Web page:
Already facing the uncertainty and increased costs of the trade war and a looming end of the business cycle, American companies are finding they now have a new foe to fight: prolonged, and in some cases unanticipated, extreme weather conditions.

Why it matters: The conditions have been awful for farmers, and the agriculture and commodities markets, and now companies ranging from retail to industrials are highlighting weather-related struggles weighing on sales and revenue.

What's happening: Across the Midwest and Central U.S., this spring has brought one atmospheric onslaught after another, from late season snowstorms to severe thunderstorms that have left rivers overflowing, exceeding historic flood benchmarks.

What they're saying:

  • "Weather was challenging during the quarter resulting in suppressed demand for our spring seasonal goods, which were down high single-digits," said Kohl's CFO Bruce Besanko, after the retailer's 3.4% same-store sales decline in the first quarter.
  • "The weather in February impacted our business. 17 of 19 regions were negative," said Home Depot CFO Carol Tomé after posting a 2.5% increase in same-store sales versus the 4.2% analysts expected.
  • "I don't think we could have envisioned ... what is now approaching record rainfall in Southern California or in California," said Bernard Acoca, president and CEO of El Pollo Loco, after the restaurant reduced guidance for the rest of fiscal 2019.
  • DowDuPont and UPS also cited the impacts of flooding and weather-related disruptions.

Between the lines: "Normally, we'd be highly skeptical of retailers blaming the weather for disappointing sales," Ed Yardeni, president and chief investment strategist at Yardeni Research, wrote in a note to clients.

  • "But this time, Mother Nature may indeed be at fault."

Meteorologists agree: "These events have likely affected businesses in varying ways: from either a delivery standpoint or the inclement weather making it difficult for consumers to actually get to the stores," Steve Bowen, director and meteorologist for Aon Benfield's Impact Forecasting division, tells Axios in an email.

Our thought bubble, from Axios Science editor Andrew Freedman: The extreme weather we've been seeing is consistent with a warming climate in which the atmosphere is able to hold more moisture.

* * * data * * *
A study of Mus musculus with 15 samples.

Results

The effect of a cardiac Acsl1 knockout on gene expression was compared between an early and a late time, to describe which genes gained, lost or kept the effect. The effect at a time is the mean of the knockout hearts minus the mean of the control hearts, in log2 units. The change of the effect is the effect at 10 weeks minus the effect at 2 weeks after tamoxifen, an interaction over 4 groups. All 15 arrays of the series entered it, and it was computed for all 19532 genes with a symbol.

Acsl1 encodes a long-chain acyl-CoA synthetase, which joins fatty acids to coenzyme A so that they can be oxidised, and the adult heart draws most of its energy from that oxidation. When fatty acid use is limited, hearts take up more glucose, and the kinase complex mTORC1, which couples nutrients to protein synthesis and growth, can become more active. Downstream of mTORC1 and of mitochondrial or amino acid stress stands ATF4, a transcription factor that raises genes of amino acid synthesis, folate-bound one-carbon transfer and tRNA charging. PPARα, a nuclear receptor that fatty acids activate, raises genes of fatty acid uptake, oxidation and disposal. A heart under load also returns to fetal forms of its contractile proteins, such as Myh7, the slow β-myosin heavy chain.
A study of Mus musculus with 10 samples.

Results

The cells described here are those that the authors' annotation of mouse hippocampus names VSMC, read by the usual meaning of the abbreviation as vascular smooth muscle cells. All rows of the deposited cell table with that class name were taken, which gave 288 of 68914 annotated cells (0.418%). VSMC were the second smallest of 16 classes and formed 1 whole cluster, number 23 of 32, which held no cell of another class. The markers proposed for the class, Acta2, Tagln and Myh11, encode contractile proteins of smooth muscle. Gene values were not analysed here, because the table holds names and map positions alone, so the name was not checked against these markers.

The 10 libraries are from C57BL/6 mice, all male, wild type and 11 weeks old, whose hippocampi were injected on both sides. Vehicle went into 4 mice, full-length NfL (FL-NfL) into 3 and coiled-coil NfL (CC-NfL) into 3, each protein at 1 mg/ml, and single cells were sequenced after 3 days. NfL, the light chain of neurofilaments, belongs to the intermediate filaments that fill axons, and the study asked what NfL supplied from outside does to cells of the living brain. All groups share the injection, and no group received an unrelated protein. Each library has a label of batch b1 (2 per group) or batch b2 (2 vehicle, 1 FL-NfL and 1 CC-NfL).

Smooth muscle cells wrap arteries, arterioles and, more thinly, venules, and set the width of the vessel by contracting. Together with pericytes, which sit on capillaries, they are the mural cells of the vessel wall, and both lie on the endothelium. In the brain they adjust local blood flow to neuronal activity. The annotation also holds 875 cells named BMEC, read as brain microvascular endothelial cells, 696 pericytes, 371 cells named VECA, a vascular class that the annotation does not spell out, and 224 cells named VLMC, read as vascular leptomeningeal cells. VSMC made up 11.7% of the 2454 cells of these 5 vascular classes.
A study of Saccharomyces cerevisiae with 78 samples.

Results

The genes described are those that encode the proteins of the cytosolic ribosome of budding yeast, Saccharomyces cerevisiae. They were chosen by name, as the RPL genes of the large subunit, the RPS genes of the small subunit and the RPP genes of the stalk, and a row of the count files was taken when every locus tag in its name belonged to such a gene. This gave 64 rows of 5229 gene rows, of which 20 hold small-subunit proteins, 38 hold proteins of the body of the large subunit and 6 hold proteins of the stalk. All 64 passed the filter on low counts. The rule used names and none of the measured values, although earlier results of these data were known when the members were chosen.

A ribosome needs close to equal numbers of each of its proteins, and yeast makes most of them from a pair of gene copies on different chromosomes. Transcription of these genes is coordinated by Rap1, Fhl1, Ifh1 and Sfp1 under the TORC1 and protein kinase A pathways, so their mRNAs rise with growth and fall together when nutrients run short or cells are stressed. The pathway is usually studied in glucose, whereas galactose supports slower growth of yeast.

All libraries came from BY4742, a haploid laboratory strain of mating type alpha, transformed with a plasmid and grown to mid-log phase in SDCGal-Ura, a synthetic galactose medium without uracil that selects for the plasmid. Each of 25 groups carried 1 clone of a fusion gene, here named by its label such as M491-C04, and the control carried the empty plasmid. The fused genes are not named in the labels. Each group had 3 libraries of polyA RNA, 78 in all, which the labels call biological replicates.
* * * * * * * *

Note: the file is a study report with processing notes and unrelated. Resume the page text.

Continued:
• Studies have shown an increase in heavy precipitation events during the past few decades in the Midwest and Central states, and other research shows a greater tendency for certain weather patterns to form that can lead to amplified extremes.

Go deeper ... Central U.S. storms: 3 die in Missouri, "violent tornado" hits Jefferson City

Go deeper

Updated 7 hours ago - World

Mexican President López Obrador tests positive for coronavirus

Mexico's President Andrés Manuel López Obrador during a press conference at National Palace in Mexico City, Mexico, on Wednesday. Photo: Ismael Rosas/Eyepix Group/Barcroft Media via Getty Images

Mexican President Andrés Manuel López Obrador announced Sunday evening that he's tested positive for COVID-19.

Driving the news: López Obrador tweeted that he has mild symptoms and is receiving medical treatment. "As always, I am optimistic," he added. "We will all move forward."

7 hours ago - Politics & Policy

Sarah Huckabee Sanders to run for governor of Arkansas

Sarah Huckabee Sanders at FOX News' studios in New York City in 2019. Photo: Steven Ferdman/Getty Images

Former White House press secretary Sarah Huckabee Sanders will announce Monday that she's running for governor of Arkansas.

The big picture: Sanders was touted as a contender after it was announced she was leaving the Trump administration in June 2019. Then-President Trump tweeted he hoped she would run for governor, adding "she would be fantastic." Sanders is "seen as leader in the polls" in the Republican state, notes the Washington Post's Josh Dawsey, who first reported the news.

Coronavirus has inflamed global inequality

Illustration: Aïda Amer/Axios

History will likely remember the pandemic as the "first time since records began that inequality rose in virtually every country on earth at the same time." That's the verdict from Oxfam's inequality report covering the year 2020 — a terrible year that hit the poorest, hardest across the planet.

Why it matters: The world's poorest were already in a race against time, facing down an existential risk in the form of global climate change. The coronavirus pandemic could set global poverty reduction back as much as a full decade, according to the World Bank.